Welcome to our travel blog. We are Tabitha and Nic. In 2011 we 'retired' in our early 40s and set off to travel the world. We spent our first year in South America and have been lucky enough to make two trips to Antarctica.

Our blog is a record of our travels, thoughts and experiences. It is not a guide book, but we do include some tips and information, so we hope that you may find it useful if you are planning to visit somewhere we have been. Or you may just find it interesting as a bit of armchair travel.

Thursday, December 17, 2015

More Yangon

Our afternoon sightseeing was done in one of the little open back truck style taxis. This was quite nice when driving along, as the breeze provided some relief from the heat, but unfortunately, being in Yangon, we spent a lot of time crawling through the traffic jams, so most of the time it was just stiflingly hot.

Once we finally got moving, our first stop was at the National Museum of Myanmar. We only had about an hour, which was a shame because it was actually quite interesting, with various exhibits about the traditions and culture of the country, including music and the clothing worn in the different regions. The star attractions here though are the thrones of King Thibaw Min, the last king of Myanmar, in particular the very impressive Lion Throne.

After another crawl through traffic, we visited the Chaukhtatgyi Paya and its rather large  reclining Buddha, standing - or rather lying - at 65m long and 16m high. The positioning of the feet, which are covered in 108 sacred Buddhist symbols, is slightly staggered, meaning that the Buddha is depicted just before his death; had the feet been fully together, that would show him having just passed away.

This pagoda also had a round shrine that had eight sections, each representing the day of the week that you were born on, and the animal sign that means you fall under. Why eight rather than seven - Wednesday is split into two parts, the morning and the afternoon. With Nic and I both having been born on a Thursday, we fall under the rat apparently.

The idea is that you give an offering to the sign relevant to you, which generally consists of people pouring a cup of water onto it. Given that they get the water from the shrine itself, it didn't seem like much of an offering to me, but perhaps it's the thought that counts.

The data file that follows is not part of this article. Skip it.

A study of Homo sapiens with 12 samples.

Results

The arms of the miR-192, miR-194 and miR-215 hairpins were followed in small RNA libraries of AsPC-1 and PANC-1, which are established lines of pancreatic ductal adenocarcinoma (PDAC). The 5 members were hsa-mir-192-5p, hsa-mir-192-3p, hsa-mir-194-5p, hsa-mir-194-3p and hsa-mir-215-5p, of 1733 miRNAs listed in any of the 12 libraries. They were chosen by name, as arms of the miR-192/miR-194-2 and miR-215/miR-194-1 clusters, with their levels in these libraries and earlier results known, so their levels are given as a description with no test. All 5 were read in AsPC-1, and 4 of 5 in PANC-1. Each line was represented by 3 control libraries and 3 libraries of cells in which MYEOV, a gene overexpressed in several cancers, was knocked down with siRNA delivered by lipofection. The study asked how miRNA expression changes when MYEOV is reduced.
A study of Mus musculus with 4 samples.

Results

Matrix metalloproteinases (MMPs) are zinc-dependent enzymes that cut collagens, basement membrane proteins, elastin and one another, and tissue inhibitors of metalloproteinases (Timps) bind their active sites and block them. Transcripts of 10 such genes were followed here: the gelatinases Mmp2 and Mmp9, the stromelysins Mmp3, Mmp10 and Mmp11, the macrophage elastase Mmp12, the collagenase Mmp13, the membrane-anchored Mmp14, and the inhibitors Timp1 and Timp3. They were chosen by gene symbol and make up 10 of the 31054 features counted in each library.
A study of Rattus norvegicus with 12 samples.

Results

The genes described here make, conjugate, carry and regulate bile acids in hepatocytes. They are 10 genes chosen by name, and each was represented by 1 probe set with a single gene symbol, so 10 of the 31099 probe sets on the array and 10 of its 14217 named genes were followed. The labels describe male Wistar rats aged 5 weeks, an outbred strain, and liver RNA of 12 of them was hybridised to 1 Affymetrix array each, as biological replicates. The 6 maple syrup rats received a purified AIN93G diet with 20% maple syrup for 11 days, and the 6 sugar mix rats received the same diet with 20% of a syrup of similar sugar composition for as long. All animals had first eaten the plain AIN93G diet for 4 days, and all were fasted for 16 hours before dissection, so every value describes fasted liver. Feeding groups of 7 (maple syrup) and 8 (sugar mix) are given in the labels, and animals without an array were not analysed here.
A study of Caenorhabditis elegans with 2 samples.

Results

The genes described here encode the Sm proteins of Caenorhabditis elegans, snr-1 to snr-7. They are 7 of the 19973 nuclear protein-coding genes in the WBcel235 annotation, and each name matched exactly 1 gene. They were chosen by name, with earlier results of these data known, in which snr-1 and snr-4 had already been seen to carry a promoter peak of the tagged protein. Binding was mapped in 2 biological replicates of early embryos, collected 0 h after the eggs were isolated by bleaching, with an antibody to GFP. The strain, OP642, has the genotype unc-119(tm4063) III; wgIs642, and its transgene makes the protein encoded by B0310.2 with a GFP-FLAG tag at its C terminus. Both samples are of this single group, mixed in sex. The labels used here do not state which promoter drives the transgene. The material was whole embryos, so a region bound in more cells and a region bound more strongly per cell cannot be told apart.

After the Buddha, we stopped at Kandawgyi Lake to see the Karaweik. You may remember from an earlier post that the Karaweik is the golden barge that looks a bit like a duck. This one is not only a replica, but it isn't even really a barge as it is concreted in position. It is supposedly quite a nice restaurant, but to us, it just wasn't worth the visit, especially when you spend so much time in traffic to get there.

I was more interested in seeing a group of men busy with the preparation of htamane, a concoction of sticky rice, coconut, peanuts, sesame, oil and ginger, that was being made for the full moon of Tabodwe festival today. Sadly it wasn't ready yet, so we couldn't get a taste. It did however give us an explanation for the strange cylinders that we had seen being given out to children as we passed a school earlier in the day; apparently the bamboo tubes would have contained a gift of htamane.

Our last visit of the day was the famous Shwedagon Pagoda on Singuttara Hill. According to legend, it is over 2500 years old, though experts put it around the 6th to 10th century. Either way, it is certainly an impressive pagoda, and with multiple other structures around it, there is quite a lot to see. It is dedicated to the four Buddhas, Kakusandha, Konasamana, Kassapa, and the one we mostly know about, Gautama. It is said to contain relics from all four, making it the most scared of places of worship in Myanmar.

Of course the usual no shoes rule applies throughout the complex, and that can be a bit of a shock when you first set your bare feet onto the terrace as it can be scorchingly hot after absorbing the sun all day.

The pagoda structure is covered in gold, and the tip has around 5450 diamonds and over 1000 other gems, with the big diamond at the top weighing in at around 76 carats. Just as well it is a long climb up or some non Buddhists might be tempted to help themselves to a few.

It was quite interesting to watch the Buddhist visitors making their offerings at various shrines that are relevant to them in some way. At the shrine which represents children,  expecting couples could be seen making an offering to try to influence what gender their baby would be.

Our guide Myo is from Yangon, and as we were sitting in yet another traffic jam on the way out of the pagoda, he told us that he was going to see his mother to have dinner with her after he had seen us back to the hotel. It was already getting late, and we weren't going anywhere quickly, so we shooed him off to see his mum and leave us to get back to the hotel - once he had given instructions to our driver of course.

When we finally made it back ourselves, a few of us headed out to a bar and restaurant at the top of the Sakura building, which had a great view of Yangon and the Schwedagon Pagoda. However the prices were as high as the bar was, so we soon moved on to somewhere cheaper.